Lebanese trade accusations over Saudi aid suspension
Lebanese politicians traded accusations Saturday over the decision by Saudi Arabia to halt deals worth $4 billion aimed at equipping and supporting Lebanese security forces, adding to tensions in the deeply divided country, which is struggling with the fallout from neighboring Syria’s civil war.
The decision was announced by Saudi officials Friday in retaliation for Lebanon’s siding with Iran amid the Sunni kingdom’s spat with the Shiite power. The Gulf Cooperation Council backed the Saudi decision, raising concerns it could have repercussions for thousands of Lebanese living in Gulf countries.
The small Mediterranean country has a sectarian divide that reflects the wider regional split between Sunnis and Shiites and has long been a battlefield where the region’s proxy wars play out. The Saudi announcement immediately prompted sharp accusations among Lebanon’s notoriously fractious party leaders.
Former Prime Minister Saad Hariri, a key ally of Saudi Arabia, blamed the suspension on the Shiite group Hezbollah and its Christian ally, the Free Patriotic Movement.
“Fiery statements offending the Kingdom are rejected and do not represent the policy of Lebanon,” he said after a meeting with the Sunni grand mufti on Saturday.
The foreign ministry, which is headed by FPM leader Gibran Bassil, shot back in a statement, calling such accusations “cheap attempts at political exploitation.”
The Saudi decision came after Bassil declined to support Saudi resolutions against Iran during two meetings of Arab and Muslim foreign ministers. Bassil is the president of the FPM, which is one of the strongest allies of the Iran-backed militant Hezbollah group.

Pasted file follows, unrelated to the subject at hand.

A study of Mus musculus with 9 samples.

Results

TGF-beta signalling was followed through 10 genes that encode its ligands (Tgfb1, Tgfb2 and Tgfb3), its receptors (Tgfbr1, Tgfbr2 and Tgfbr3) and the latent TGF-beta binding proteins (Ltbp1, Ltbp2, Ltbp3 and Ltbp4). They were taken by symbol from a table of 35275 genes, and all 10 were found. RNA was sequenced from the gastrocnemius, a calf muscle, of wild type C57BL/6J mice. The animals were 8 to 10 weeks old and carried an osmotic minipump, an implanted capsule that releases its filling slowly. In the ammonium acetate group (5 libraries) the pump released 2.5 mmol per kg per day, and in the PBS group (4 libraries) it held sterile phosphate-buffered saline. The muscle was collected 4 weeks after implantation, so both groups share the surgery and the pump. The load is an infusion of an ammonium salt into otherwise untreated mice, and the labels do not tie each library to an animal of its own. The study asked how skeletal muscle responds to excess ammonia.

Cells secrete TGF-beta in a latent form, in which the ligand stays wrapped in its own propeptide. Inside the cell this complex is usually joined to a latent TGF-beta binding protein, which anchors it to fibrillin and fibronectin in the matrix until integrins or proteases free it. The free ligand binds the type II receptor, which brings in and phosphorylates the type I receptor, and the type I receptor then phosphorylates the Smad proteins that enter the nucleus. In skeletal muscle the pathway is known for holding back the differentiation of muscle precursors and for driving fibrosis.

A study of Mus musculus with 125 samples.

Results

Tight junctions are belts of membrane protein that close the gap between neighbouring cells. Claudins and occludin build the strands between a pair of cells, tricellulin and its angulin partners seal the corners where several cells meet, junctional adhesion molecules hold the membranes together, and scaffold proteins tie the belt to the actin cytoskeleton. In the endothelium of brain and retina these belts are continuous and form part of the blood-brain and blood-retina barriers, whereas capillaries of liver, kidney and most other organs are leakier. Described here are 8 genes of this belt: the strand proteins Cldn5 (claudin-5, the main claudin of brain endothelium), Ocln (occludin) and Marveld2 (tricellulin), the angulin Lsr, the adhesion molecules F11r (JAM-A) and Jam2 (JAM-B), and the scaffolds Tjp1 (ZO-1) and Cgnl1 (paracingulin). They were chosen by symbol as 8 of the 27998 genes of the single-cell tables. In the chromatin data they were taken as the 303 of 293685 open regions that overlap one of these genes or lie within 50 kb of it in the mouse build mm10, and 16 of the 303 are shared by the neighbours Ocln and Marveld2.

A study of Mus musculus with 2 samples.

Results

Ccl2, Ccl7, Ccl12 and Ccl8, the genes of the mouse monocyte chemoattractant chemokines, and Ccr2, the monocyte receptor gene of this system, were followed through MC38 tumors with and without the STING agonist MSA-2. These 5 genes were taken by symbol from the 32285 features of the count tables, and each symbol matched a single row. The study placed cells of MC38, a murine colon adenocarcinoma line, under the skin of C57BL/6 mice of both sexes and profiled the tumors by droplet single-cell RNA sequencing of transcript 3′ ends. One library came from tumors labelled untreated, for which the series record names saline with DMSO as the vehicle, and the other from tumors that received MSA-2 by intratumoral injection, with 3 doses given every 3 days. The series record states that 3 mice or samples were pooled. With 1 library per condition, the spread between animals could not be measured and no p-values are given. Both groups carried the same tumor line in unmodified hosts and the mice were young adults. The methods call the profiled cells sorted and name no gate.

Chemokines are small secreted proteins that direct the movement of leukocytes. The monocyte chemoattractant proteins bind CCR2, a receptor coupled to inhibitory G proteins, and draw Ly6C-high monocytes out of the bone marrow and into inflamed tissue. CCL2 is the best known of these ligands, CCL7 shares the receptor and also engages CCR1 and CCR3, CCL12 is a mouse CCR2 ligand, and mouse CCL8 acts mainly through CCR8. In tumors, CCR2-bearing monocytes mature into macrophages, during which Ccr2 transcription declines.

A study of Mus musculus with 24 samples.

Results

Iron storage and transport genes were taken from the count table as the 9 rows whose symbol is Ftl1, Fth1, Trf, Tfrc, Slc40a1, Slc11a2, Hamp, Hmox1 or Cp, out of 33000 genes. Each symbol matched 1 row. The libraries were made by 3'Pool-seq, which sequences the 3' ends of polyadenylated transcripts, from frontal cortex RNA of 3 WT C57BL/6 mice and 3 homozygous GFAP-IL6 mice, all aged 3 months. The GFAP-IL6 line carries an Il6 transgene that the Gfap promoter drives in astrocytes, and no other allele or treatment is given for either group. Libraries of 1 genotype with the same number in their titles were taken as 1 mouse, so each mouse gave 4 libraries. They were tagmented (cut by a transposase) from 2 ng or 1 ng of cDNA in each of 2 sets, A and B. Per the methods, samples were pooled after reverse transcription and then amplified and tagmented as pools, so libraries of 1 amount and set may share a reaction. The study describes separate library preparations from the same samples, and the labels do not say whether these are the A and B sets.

Saudi Arabia severed its ties with Iran at the start of the year after Iranian movs stormed Saudi diplomatic posts in Iran when Saudi Arabia executed a prominent Shiite preacher who had been convicted of terrorism.
The Lebanese Foreign Ministry statement recalled its condemnation of the attack on Saudi diplomatic missions in Tehran and Lebanon’s long-standing policy of remaining on the sidelines of regional conflicts.
The suspended deals involve a four-year, $3 billion Saudi pledge to buy French arms for the Lebanese military and a $1 billion support deal for the Lebanese police.
In a clear reference to non-Arab Iran, GCC Secretary-General Abdullatif Al Zayani said it was “deeply regretful that Lebanon’s decision-making was now hostage to the interests of a regional power, contradicting Arab national security and the interests of the Arab nation.”
The six-nation bloc includes Saudi Arabia, Kuwait, Bahrain, Qatar, Oman and the United Arab Emirates.
Lebanon’s daily As-Safir reported Saturday that the United Arab Emirates will deport more than twenty Lebanese nationals, giving them only 48-hour notice to leave the country. There was no immediate confirmation of the report, and it was not clear if it was related to the Saudi decision.